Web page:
Grande Prairie chamber demands solution for unpaid sub-contractors, sub-trades in hospital construction
Some contractors working on the Grande Prairie Regional Hospital say they haven’t been paid for their services in nearly a year, according to a letter sent to the provincial government last week.
The letter from the Grande Prairie and District Chamber of Commerce addressed to Infrastructure Minister Prasad Panda, dated for May 9, states that small- and medium-sized sub-contractors and sub-trades are “suffering financial hardship due to non-payment of construction contracts for the Grande Prairie Regional Hospital.”
“Not only has this put an immediate financial burden on these businesses, some have even been forced to close their doors.
“Others have had their ability to bid on future work put in jeopardy due to credit limitations.”
The hospital project has been plagued with issues since it started in 2014 and the status of the construction is both over budget and well beyond its original 2017 completion date.
In July 2018, the province issued a notice of default to the company it deemed responsible for the delayed, costly hospital construction, Graham Construction. When that happened, the many sub-contractors working for Graham were also booted from the property.
Watch below (July 30, 2018): A notice of default has been issued to the contractor responsible for the construction of the Grande Prairie Regional Hospital. Vinesh Pratap explains.
More than two dozen companies said in March they were owed millions for construction work they’d done but weren’t paid for.
The 26 companies said they were owed a combined $60 million in back pay, which is double the $30 million the government set aside. A court date was set for April to determine how the money would be handed out. At the time, arguments were made but no payments were released.
A new construction manager — Clark Builders — was brought on to finish the project in November 2018.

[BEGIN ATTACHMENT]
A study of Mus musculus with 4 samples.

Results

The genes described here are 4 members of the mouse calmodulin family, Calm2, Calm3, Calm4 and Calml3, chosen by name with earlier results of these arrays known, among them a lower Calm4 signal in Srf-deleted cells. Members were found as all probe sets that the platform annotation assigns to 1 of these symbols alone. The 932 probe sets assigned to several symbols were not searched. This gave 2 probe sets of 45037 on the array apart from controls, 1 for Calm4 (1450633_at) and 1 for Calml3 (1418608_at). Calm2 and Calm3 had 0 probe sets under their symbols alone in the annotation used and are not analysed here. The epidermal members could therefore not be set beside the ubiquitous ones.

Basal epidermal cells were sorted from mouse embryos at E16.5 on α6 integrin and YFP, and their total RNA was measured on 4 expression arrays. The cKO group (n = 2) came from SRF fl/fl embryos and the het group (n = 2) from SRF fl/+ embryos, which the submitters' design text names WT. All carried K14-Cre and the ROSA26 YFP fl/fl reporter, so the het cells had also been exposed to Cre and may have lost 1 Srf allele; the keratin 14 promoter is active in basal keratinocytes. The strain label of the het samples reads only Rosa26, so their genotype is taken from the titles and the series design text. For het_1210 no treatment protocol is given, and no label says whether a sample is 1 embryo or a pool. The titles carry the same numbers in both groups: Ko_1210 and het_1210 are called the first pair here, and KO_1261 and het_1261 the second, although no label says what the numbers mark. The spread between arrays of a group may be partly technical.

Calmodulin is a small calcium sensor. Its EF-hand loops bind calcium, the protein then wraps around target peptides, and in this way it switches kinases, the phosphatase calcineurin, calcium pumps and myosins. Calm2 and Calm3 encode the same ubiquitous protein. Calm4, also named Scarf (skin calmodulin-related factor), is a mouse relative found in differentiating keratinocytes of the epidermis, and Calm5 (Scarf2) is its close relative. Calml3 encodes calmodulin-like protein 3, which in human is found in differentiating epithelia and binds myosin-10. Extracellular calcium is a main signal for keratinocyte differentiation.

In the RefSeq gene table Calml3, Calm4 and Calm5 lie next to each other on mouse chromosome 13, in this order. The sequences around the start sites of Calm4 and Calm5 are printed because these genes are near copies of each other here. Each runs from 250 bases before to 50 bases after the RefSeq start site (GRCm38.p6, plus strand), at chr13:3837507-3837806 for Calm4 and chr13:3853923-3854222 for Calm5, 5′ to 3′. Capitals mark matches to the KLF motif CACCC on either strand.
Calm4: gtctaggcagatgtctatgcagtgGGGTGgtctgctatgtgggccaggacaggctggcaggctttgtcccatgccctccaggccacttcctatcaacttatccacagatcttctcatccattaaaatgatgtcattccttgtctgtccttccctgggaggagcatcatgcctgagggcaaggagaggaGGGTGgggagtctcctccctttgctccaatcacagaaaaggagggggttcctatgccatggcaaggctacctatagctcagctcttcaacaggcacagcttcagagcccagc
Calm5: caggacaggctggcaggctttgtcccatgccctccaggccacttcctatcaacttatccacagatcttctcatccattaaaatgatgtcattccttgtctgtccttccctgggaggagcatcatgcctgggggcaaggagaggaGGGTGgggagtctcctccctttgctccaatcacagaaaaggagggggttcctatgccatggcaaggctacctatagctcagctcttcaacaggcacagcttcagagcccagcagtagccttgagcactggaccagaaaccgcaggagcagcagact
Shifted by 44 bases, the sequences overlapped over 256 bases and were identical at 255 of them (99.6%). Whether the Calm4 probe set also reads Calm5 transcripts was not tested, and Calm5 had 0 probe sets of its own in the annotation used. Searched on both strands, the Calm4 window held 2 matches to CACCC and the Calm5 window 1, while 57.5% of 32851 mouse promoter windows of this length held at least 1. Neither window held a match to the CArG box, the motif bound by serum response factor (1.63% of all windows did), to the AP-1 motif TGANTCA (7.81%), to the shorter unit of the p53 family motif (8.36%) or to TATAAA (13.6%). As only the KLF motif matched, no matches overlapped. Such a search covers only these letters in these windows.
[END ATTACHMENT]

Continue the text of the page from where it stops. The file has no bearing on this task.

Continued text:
In an emailed statement, UCP Infrastructure Minister Prasad Panda said the government is working with the construction manager to see the project finished as quickly and efficiently as possible.
Panda said the construction is expected to ramp up in the coming months.
“It is expected that 90 per cent of the sub-contractors will be returning to complete their scope of work,” he said in an emailed statement.
“The Public Works Act helps ensures sub-contractors will receive payment for authorized work completed on capital projects.
“Graham Construction was paid for all work that was certified up until July. The amount certified for work for August and September was paid into the courts. On March 12, 2019, Infrastructure paid over $30 million into the court to address Public Works Act claims.”
Panda said the government would not comment on the specific case that’s still before the courts.
The Grande Prairie and District Chamber of Commerce represents more than 25,000 employees who are part of more than 1,300 member businesses.
In its letter, it suggests a loan guarantee program “to financially assist the contractors who have completed work” and asks the government “to take an active role in ensuring the survival of good businesses and employment of good people in our community.”